The new money is another sign of increasing momentum for the popular service, which is now up to 11 million users. We reported that Evernote had just reached the 10 million-member mark a month ago after taking almost 1,000 days to reach the 5 million milestone. The company is racking up users on its way toward its goal of getting 1 million paid members. It’s unclear how many premium members it has now but Evernote said last month that it has 400,000 paying subscribers.
It’s unclear how much money Evernote really needs. It said last year that when it raised its last round, it still had $9 million from the $11 million it previously raised. It’s unlikely that it’s burned through all that cash already. So what’s it all being used for?
CEO Phil Libin has talked of wanting to build a 100-year company and he seems to be gearing up for a long growth phase that will span smartphones, tablets and computers.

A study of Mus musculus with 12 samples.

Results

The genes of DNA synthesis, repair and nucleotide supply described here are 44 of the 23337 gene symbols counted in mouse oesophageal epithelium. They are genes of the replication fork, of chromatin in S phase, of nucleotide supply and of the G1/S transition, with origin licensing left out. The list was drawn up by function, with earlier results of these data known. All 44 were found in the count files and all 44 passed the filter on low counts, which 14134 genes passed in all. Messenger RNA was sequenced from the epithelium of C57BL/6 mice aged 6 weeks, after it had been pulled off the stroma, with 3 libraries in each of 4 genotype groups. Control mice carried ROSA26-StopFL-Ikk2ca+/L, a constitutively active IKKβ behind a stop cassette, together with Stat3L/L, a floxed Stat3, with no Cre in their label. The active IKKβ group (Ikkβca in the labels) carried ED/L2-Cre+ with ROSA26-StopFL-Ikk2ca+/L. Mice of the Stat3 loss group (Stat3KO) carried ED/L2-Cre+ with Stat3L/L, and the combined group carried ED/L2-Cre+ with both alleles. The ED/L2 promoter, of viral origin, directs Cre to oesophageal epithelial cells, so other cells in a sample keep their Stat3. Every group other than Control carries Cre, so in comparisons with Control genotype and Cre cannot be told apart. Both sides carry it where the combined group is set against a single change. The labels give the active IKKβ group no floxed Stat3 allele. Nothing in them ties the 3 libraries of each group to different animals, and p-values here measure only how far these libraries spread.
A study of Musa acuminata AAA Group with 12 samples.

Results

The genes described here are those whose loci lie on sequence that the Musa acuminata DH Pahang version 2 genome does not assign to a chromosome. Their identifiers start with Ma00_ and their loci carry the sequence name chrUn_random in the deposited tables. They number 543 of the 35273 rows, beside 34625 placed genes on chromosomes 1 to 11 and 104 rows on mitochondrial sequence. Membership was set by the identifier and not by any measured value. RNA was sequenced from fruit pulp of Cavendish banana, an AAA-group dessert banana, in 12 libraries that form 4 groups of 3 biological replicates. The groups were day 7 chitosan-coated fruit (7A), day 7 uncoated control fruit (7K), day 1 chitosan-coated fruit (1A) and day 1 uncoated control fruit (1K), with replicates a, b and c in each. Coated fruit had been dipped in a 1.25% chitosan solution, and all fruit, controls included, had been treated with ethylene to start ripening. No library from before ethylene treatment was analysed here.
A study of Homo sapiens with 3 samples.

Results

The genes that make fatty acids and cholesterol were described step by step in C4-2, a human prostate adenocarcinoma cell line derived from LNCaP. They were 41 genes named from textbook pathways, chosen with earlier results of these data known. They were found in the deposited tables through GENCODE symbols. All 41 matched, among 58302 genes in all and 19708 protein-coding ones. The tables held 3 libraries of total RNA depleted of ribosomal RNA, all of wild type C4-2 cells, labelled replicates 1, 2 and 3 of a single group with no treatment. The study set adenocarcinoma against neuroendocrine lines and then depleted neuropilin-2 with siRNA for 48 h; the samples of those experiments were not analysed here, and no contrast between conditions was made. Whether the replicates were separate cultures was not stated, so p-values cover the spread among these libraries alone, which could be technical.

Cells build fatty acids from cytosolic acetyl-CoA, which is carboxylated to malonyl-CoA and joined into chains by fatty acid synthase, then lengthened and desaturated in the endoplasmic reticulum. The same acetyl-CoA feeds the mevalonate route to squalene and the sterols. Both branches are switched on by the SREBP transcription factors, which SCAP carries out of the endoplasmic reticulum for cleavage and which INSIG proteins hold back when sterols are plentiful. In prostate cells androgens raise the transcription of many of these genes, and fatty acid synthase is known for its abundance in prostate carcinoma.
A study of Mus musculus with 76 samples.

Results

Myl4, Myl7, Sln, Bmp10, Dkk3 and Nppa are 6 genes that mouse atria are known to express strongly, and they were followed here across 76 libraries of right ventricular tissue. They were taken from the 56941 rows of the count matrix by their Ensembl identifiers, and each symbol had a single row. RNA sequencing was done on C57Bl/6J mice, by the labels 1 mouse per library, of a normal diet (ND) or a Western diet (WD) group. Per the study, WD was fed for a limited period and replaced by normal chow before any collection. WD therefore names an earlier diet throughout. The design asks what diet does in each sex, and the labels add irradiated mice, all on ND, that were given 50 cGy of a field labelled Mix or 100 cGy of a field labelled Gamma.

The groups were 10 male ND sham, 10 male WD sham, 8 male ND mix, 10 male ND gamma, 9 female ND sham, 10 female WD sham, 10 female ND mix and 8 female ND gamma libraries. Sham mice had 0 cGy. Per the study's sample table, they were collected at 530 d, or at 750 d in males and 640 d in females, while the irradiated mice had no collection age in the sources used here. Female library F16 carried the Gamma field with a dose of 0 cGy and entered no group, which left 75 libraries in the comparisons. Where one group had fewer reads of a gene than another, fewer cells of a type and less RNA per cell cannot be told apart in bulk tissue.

“The fast pace of our organic growth, adding more than a million users in just the past month, shows that people really want to manage and simplify their lives,” said Libin in a statement. “And even though we’ve built a profitable and successful business in the past three years, we still have a long way to go to achieve our goal of becoming everyone’s second brain. Having this new investment, and Sequoia Capital as a full business partner, will allow us to improve and multiply our products in exciting ways.”
Sequoia’s Roelof Botha of Sequoia Capital will now take a full member seat on Evernote’s Board of Directors after serving as an observer. Evernote has also hired away Morgenthaler partner Ken Gullicksen, a previous Evernote board member, to lead its corporate development and acquisition strategy.